July 2, 2015
By Laura King



There’s work, too. But it never feels like work. (Shhh!)

The trade show is, literally, on the shores of the Northumberland Straight, in the Summerside Marine Terminal – where there’s a gorgeous breeze (or a freezing gale, depending on Mother Nature!) – rather than in a stuffy hotel, and the salt air somehow makes the outdoor apparatus displays more appealing.

The Maritime Fire Chiefs Association (MFCA) is different from other Canadian chiefs associations because it represents all four Atlantic provinces.

(Quick social studies lesson: the Maritime provinces are Nova Scotia, New Brunswick and Prince Edward Island; the Atlantic provinces include Newfoundland and Labrador. The MFCA is 101 years old – founded before Newfoundland joined confederation in 1949 – and, in typical, laid-back east-coast style, never bothered to change its name.)

Membership from from four provinces makes it difficult for the MFCA to tackle issues or lobby government – all four provinces have their own associations: the Fire Services Association of Nova Scotia; the New Brunswick Association of Fire chiefs; the PEI Firefighters Association (which is not a union, rather a training-based group to which all 1,000 P.E.I. firefighters belong); and the Newfoundland and Labrador Association of Fire Services. The MFCA, instead, focuses on fellowship and, more recently, education and training.

Both Comox, B.C., Chief Gord Shreiner – creator of the StopBad tour (short for stop bad things from happening on the fire ground) – and Ryan Pennington, who you may know from Twitter as @jumpseatviews – have done whistle-stop tours of Atlantic Canadian fire departments in the last couple of years, hosted by the MFCA. The Beyond Hoses and Helmets program administered by the Ontario Association of Fire Chiefs for the Canadian Association of Fire Chiefs has been offered in all four provinces – St. John’s, Moncton, N.B., Charlottetown and Sydney, N.S. And the MFCA conference itself has featured some big-name speakers.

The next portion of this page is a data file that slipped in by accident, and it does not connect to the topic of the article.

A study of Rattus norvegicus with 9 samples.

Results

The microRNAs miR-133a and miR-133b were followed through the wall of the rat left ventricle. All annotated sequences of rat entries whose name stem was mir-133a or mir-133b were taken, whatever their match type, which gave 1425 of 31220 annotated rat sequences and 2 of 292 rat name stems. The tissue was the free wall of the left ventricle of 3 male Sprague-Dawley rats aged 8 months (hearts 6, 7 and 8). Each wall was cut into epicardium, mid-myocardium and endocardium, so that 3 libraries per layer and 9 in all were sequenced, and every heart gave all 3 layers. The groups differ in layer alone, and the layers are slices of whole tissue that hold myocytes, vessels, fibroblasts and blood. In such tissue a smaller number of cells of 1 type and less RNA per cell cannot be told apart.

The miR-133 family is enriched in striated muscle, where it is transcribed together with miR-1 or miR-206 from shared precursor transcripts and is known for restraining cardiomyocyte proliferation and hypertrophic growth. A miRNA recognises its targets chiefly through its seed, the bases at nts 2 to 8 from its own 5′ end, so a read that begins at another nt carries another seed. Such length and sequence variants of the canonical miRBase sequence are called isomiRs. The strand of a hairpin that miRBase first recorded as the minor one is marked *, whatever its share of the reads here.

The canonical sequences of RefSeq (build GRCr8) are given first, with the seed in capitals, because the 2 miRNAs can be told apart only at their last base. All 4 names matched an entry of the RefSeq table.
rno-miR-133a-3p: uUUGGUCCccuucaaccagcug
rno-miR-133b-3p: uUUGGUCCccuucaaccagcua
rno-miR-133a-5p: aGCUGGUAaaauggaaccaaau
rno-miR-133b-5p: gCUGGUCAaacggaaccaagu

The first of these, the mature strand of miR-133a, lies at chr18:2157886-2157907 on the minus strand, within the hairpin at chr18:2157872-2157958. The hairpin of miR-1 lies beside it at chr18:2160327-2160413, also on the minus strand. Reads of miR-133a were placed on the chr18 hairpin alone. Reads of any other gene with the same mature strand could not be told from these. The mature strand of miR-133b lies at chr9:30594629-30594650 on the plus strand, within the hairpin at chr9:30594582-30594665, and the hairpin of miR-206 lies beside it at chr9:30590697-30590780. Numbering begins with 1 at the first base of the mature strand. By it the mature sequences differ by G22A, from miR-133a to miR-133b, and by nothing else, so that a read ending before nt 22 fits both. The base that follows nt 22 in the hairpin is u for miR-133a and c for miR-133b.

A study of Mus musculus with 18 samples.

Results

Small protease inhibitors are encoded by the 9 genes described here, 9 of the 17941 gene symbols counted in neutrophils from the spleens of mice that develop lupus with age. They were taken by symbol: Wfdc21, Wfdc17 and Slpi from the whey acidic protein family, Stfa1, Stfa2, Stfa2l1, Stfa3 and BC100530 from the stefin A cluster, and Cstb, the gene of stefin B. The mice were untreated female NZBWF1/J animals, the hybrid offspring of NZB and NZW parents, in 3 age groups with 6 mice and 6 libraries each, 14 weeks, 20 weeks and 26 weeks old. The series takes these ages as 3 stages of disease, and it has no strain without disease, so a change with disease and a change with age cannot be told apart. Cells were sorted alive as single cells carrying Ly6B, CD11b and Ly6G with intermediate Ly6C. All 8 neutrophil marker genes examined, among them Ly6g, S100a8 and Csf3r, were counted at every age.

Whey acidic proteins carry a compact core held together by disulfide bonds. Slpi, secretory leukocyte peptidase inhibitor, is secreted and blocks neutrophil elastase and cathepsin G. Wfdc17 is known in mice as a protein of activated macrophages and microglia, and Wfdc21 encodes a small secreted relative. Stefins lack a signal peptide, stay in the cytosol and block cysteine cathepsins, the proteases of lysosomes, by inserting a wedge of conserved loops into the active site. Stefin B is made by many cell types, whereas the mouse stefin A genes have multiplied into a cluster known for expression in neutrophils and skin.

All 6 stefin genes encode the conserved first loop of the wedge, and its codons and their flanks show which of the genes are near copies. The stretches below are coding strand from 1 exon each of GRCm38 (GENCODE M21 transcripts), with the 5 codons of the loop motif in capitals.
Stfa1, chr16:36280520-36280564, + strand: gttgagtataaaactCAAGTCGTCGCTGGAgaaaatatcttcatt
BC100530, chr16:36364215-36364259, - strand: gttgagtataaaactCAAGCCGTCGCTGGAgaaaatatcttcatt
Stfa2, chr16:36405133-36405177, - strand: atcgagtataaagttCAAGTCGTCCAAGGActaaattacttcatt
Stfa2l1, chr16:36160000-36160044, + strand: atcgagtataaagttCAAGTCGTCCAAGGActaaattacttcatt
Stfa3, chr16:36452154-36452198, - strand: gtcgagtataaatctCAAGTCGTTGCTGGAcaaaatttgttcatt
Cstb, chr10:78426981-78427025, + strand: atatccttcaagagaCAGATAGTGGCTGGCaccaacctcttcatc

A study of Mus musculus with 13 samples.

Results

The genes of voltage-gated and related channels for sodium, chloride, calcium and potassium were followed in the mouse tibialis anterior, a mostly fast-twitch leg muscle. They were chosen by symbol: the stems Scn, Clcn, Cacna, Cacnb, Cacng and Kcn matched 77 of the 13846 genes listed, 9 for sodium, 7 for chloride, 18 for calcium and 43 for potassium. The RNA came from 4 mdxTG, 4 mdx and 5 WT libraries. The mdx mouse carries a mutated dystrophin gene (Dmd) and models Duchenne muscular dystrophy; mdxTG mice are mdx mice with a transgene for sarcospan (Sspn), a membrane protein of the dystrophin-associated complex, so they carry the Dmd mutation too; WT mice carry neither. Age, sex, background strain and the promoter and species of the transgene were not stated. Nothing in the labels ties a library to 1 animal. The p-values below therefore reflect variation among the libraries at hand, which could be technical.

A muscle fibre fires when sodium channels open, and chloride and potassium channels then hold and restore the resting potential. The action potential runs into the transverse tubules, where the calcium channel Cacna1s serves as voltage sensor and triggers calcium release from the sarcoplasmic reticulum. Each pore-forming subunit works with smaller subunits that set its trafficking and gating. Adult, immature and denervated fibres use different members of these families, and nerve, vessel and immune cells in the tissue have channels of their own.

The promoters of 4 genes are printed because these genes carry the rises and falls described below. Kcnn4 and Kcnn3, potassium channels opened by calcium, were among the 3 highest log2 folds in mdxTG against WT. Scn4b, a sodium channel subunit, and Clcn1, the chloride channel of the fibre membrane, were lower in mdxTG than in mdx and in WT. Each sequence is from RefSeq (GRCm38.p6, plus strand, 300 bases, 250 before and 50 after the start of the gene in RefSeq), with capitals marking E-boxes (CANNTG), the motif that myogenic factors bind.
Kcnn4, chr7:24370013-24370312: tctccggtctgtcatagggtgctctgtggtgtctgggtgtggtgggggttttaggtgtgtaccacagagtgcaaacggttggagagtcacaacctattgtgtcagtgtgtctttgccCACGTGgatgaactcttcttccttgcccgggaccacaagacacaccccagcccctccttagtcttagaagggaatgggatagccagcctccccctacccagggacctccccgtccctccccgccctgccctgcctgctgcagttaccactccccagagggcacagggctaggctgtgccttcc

Fire Fighting in Canada blogger and former columnist Les Karpluk is first up in Summerside on Monday, with his always entertaining and insightful leadership presentation.

I’m looking forward to hearing firefighter Nathalie Michaud again – she presents Tuesday afternoon in Summerside. Nathalie first told her heart-wrenching story about PTSD in Penticton (you can read about it here), a no-holds-barred, personal, sometimes unbelievable saga of her spouse’s suicide, a downward spiral, and, ultimately, strength.

As was the case in Penticton, Nathalie will be accompanied by Esquimalt, B.C., firefighter Wayne Jasper, who shares his story about the challenges, occasional chaos, and compassion in their long-distance friendship.

Last month, Manitoba became the second Canadian province to recognize PTSD as a presumptive illness for firefighters – Alberta is the other. After Nathalie and Wayne spoke in Penticton, the Fire Chiefs Association of BC (FCABC) passed a motion to engage with other emergency services and government organizations to lobby the province to have PTSD recognized as a presumptive illness.

Newfoundland is the only province without presumptive legislation of any kind, despite pressure from the International Association of Fire Fighters.

Nathalie wondered after she spoke to the FCABC if her presentation mattered, if anyone cared. She got a standing ovation; chief officers who had never met her wept, and stood in line to shake her hand; and there’s a movement to change provincial legislation.

I’m confident the same will happen in Summerside, and that members of all four provincial associations will take Nathalie’s message back to their respective provinces and do something.

Why do I want to see Nathalie a second time? Because I believe Nathalie is the catalyst for change, for ending the stigma around PTSD, for understanding that it’s OK to ask for help.

I’m also hoping Nathalie, who, more than anyone I know can use a bit of east-coast hospitality, gets to experience lobsters, campfires and off-key renditions of American Pie.

Follow @FireinCanada for live updates from the conference.